The sudden arrival of moisture and cold humid air has overcast a relaxing weekend, and intervened my planned date with the ingredients for macaron making....my interrupted mind began to ache for the comforting aroma that drifts from a steaming pot of Sundubu Jjigae, the very one I had a few days ago at this NYC restaurant that I would always return for this specialty dish....Kunjip Restaurant in Korea Way.
It almost create the same sensation as another famed Chinese dish, "the" fried Rice with cured fish and chicken; the scent of the Sundubu Jjigae from Kunjip is impossible to resist, even before you have a moment to lay your eyes upon the succulent looking cast iron pot, filled with porcelain white tofu immersed within the sea with an orange red glow that reminds you of the setting sun.
For those who have not had the pleasure to take a sip, Sundubu Jjigae is a hot and spicy jjigae (Korean stew) made with uncurdled dubu (tofu), seafood, vegetables, mushrooms, onion, green onion, and gochujang or gochu garu (chili powder) in Korean cuisine. A raw egg is put in the jjigae while it is still boiling, creating the effect of an egg drop soup, an essential component to complete this bowl of heaven. This dish is eaten with a bowl of cooked white rice and several banchan (side dishes).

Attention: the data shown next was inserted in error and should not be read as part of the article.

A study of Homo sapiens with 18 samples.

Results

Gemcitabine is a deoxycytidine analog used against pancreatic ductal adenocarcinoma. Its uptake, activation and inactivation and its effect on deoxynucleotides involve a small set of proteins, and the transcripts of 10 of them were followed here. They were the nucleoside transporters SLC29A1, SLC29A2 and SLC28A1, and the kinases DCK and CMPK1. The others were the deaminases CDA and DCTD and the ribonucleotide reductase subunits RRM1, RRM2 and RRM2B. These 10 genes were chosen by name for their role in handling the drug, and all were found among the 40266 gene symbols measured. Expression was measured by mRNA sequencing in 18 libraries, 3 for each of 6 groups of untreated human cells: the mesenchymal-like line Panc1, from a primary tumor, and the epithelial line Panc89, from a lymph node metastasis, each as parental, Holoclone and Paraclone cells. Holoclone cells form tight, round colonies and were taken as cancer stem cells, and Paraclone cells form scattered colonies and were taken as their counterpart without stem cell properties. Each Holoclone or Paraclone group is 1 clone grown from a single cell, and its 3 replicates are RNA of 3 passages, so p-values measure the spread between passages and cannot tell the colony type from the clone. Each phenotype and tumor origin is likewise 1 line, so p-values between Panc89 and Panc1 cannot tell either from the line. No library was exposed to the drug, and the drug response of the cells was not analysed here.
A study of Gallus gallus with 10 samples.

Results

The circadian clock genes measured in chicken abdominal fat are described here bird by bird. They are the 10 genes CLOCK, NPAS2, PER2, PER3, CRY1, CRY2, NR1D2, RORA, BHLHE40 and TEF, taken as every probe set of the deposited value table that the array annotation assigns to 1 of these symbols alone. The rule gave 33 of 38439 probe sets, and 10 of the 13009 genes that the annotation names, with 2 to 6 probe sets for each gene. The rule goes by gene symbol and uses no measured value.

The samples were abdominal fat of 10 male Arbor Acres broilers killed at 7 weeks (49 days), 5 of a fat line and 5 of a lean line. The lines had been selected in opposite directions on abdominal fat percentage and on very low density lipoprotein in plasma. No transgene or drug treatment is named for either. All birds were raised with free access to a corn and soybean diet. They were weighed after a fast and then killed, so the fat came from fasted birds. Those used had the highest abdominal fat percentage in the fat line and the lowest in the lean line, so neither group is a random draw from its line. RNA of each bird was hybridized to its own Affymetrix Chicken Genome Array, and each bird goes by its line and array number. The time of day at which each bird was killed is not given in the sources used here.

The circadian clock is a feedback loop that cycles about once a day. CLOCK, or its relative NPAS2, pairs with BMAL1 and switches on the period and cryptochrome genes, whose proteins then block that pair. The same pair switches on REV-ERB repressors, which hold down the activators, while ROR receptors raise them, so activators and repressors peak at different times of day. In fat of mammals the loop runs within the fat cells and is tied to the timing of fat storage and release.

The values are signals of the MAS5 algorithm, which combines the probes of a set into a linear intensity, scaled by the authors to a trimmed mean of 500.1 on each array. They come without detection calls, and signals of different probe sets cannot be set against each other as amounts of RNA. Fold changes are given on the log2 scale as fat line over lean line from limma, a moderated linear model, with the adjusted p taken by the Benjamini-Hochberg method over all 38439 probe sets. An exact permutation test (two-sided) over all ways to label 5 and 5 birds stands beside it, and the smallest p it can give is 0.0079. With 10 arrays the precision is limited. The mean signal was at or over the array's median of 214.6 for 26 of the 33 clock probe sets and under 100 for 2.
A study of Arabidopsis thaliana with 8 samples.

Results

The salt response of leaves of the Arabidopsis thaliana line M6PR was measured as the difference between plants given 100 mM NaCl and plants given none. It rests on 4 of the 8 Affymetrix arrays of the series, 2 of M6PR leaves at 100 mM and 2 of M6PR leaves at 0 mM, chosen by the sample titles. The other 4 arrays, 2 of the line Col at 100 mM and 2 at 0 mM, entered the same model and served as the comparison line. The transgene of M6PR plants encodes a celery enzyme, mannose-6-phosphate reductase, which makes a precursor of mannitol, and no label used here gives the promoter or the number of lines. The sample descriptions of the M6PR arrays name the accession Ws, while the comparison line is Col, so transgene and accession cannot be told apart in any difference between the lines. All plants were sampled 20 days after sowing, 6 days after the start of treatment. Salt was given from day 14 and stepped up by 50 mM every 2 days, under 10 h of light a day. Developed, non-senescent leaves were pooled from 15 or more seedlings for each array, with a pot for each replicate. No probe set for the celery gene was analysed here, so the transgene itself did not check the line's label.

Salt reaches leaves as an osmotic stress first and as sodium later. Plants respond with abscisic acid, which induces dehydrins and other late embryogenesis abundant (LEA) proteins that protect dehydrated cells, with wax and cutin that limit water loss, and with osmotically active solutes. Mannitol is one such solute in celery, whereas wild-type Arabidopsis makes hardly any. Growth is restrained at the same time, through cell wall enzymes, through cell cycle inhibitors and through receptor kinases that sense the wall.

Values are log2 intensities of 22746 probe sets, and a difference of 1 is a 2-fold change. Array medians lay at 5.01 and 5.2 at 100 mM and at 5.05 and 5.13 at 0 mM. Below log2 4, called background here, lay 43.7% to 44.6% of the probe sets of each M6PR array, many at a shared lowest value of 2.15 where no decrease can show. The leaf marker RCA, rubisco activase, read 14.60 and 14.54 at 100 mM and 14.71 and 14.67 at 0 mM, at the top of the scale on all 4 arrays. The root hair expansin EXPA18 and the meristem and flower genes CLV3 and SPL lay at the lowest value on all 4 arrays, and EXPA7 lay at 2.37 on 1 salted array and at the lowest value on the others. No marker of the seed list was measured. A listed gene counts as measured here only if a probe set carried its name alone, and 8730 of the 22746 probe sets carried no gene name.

Why am I so obsessed with Kunjip's? With the very limited versions I have tasted, as I have yet to pay my visit to Korea, Kunjip's broth brings forth the near perfect harmony of all sensory taste to accentuate the delicate flavour and texture of fresh tofu. More importantly, it is the "Umami" of the sea that captures my taste buds with every spoonful. Please do share your thoughts and your favourite place for this mesmerising dish!
I have yet to find the definition to describe the sensory taste "Umami" outside of the Chinese language....it is something I am currently exploring, but hope to write about it soon!